Why is there so little money spent on photographs while such fabulous sums are spent on automobiles, pianos and graphophones every year in this country? You ■will find the answer in the advertising pages of any national popular magazine."

The above is the concluding paragraph of an article in Wilson's for April, wherein an extensive review is made of our plan to help the professional photographic business by magazine advertising.

Wilson's has hit the keynote. The photographic portraiture business has not been what it should have been because it has not had proper publicity. But from now on it is going to have.

Fortunately we have been advertisers long enough so that we appreciate the cumulative effect of advertising. We know that immediate effect is not to be expected. It takes time as well as money to make an impression on the public mind. Knowing these things, we are not looking for the impossible. We have started on a long fight - but already we are beginning to get help. The photographers are advertising - many of them individually, some of them in groups. On page 6 we reproduce an advertisement run in a daily paper by the members of the local section of Pennsylvania photographers in Erie. Whether or not they make an extra sitting as a direct result of that advertisement, they have made a good start. It's educational, will make people think - in time such a campaign will bring the business, because these photographers are not fighting among themselves for what business already exists, but are advertising to create new business. They are willing to let somebody else get some benefit from this publicity. Commenting on this very phase of our campaign, Printers' Ink had this to say:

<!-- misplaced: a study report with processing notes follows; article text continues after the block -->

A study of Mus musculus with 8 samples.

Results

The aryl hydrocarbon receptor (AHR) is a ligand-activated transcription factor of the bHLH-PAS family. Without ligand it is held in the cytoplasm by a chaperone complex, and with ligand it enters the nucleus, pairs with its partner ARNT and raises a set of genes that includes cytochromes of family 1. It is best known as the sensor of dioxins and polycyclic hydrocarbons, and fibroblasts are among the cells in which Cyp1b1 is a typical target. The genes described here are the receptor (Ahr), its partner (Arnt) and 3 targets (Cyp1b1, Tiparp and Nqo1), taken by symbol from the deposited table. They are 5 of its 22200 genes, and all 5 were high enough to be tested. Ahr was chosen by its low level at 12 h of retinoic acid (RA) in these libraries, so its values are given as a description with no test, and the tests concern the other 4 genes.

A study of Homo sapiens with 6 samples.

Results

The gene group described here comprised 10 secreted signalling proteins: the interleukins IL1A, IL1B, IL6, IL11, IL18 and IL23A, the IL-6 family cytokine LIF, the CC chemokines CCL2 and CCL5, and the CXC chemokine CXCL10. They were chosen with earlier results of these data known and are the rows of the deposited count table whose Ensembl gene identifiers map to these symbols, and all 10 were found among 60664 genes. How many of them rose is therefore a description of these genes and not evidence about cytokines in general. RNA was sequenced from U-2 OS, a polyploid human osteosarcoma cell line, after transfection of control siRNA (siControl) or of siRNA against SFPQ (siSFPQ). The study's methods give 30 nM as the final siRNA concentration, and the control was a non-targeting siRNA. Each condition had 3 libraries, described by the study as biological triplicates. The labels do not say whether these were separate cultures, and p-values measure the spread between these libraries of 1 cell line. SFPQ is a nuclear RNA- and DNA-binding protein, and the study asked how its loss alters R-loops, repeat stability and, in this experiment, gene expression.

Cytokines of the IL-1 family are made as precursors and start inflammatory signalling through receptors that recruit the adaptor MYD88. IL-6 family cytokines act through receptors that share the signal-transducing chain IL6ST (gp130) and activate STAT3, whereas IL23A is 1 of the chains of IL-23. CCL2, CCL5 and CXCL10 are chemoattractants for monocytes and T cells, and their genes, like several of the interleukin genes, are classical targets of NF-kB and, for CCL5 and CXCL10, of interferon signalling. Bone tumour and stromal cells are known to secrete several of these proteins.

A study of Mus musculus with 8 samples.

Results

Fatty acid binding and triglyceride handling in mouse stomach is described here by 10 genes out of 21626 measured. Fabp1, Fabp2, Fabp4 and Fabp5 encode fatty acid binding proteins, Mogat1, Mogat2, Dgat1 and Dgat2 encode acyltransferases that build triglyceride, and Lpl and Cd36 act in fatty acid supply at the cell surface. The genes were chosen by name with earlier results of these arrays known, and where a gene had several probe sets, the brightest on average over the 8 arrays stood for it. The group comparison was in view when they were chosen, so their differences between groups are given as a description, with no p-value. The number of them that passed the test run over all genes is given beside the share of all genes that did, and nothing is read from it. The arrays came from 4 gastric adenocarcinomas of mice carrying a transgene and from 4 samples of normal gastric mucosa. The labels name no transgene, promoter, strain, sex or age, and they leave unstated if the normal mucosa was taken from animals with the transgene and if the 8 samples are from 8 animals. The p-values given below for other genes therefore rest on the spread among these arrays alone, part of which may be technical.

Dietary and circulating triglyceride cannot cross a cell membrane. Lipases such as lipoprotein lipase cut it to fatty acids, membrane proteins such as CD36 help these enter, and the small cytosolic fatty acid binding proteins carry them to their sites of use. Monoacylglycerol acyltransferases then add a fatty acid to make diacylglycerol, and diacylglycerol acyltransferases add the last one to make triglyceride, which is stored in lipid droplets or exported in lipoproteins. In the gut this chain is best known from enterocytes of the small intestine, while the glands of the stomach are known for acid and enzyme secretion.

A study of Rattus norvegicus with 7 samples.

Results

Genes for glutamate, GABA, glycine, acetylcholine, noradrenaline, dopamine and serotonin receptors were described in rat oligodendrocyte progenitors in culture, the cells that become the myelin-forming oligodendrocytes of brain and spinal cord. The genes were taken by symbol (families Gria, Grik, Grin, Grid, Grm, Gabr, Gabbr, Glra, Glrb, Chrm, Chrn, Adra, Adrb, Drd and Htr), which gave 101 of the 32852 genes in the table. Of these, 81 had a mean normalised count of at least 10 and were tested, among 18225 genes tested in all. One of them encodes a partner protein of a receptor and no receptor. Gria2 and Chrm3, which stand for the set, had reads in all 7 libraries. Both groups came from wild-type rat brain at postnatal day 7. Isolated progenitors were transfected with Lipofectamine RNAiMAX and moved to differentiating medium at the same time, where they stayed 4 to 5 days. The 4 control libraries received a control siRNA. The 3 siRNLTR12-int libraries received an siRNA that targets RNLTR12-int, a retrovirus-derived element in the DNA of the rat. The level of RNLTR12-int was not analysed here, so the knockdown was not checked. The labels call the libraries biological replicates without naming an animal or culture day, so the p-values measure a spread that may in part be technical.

"The advertiser of the old school would certainly look at this campaign as a piece of foolishness without parallel. Spending money for big space in the magazines, only to advertise the business of somebody else who may not use Eastman supplies at all!

"But the campaign is well founded, in spite of the old school, and is in line with the newer conception of service as the best road to profit."

Our June advertising will be interesting. It's a talk to and about "Father." Really he, of all the family, is the most careless about having his picture taken. He needs to be taken in hand - followed up by the photographers after we have reminded him of his thoughtlessness. (See page 5.) This advertisement will appear in June Century, Ainslee's, Everybody's, Harpers' and in July Cosmopolitan for full pages and for a quarter page in the Saturday Evening Post of June 1st. The total circulation of these mediums is more than four million copies for the one issue. It will remind many million people about father's carelessness in the matter of that photograph and of the fact that "There is a photographer in your town."

Co-operation on your part, ought to help your business.